There’s hope at the end of the tunnel for people with Parkinson’s disease.

Principal Investigator Agnete Kirkeby from the Novo Nordisk Foundation for Stem Cell Medicine has together with a team from Lund Stem Cell Center in Sweden developed a stem cell therapy which is now going into clinical trial in Sweden. The hope is with one injection to cure patients with Parkinson’s.

“This achievement is built on work which was started back in 2009 when I started as a postdoc in Malin Parmar’s lab in Lund. After gaining the first positive results from cell transplantations in animal models of Parkinson’s Disease in 2012, we‘ve worked very hard towards making a stem cell therapy to the quality, purity and safety levels suitable for transplantation in humans. Now, we’ve been granted approval from the Swedish authorities to enter clinical trial with this product, which hopefully means that we will soon be transplanting the first patients. It’s very emotional for me to see this project having reached so far”; says Agnete Kirkeby, who is a Principal Investigator at reNEW UCPH and who leads the preclinical development of the stem cell product at Lund University.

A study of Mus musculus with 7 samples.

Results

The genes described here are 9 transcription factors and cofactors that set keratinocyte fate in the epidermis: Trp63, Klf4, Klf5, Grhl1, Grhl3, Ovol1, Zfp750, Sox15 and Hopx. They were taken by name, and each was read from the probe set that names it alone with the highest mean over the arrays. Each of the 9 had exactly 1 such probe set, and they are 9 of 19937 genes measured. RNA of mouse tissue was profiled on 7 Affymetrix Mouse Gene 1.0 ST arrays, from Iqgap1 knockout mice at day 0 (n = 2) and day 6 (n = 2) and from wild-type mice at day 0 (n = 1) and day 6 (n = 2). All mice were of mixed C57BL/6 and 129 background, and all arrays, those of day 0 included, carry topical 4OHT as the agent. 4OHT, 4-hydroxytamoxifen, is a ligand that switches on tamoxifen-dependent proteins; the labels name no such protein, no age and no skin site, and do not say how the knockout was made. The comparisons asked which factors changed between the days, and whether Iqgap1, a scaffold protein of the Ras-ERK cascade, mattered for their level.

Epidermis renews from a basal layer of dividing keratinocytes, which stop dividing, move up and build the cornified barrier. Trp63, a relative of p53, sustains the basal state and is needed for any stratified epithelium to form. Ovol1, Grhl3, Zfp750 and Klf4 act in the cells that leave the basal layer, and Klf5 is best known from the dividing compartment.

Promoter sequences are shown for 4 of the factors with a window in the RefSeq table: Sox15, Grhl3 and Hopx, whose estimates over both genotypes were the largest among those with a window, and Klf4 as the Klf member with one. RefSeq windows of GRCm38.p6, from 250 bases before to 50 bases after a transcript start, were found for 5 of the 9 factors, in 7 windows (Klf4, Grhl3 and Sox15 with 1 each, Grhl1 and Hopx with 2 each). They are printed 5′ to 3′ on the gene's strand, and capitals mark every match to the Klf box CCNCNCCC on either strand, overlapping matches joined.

The decision from the Swedish Medical Products Agency (MPA) provides regulatory approval for a Phase I/IIa clinical trial for STEM-PD; a human embryonic stem cell based medicinal product for the treatment of Parkinson’s Disease. STEM-PD is a stem cell derived dopamine nerve cell product designed to replace the dopamine cells which are lost in the brains of Parkinson’s disease patients. Ethical approval of the trial has already been obtained from the Swedish Ethics Review Authority, and the STEM-PD team, led by Malin Parmar at Lund University in Sweden, is thereby ready to proceed with the trial.

“Getting stem cell therapies into clinical trial is an enormous task which has been undertaken through an amazing collaboration between our teams in Lund and Cambridge and supported by our close partnership with Novo Nordisk. This is the first pluripotent stem cell therapy for a CNS indication to go into clinical trial in Europe and the first pluripotent-based cell product to be administered to patients in Scandinavia. Our data shows that the STEM-PD product is safe and highly efficacious in reverting motor deficits in preclinical models of Parkinson’s Disease. We hope that cell-based therapies such as STEM-PD can provide patients with novel restorative treatment options to yield better and more long-term symptomatic relief and to minimize their dependency of daily medication”, says Agnete Kirkeby.

In a recent interview with the sciencenews.dk Agnete Kirkeby is telling about the hopefully successful therapy.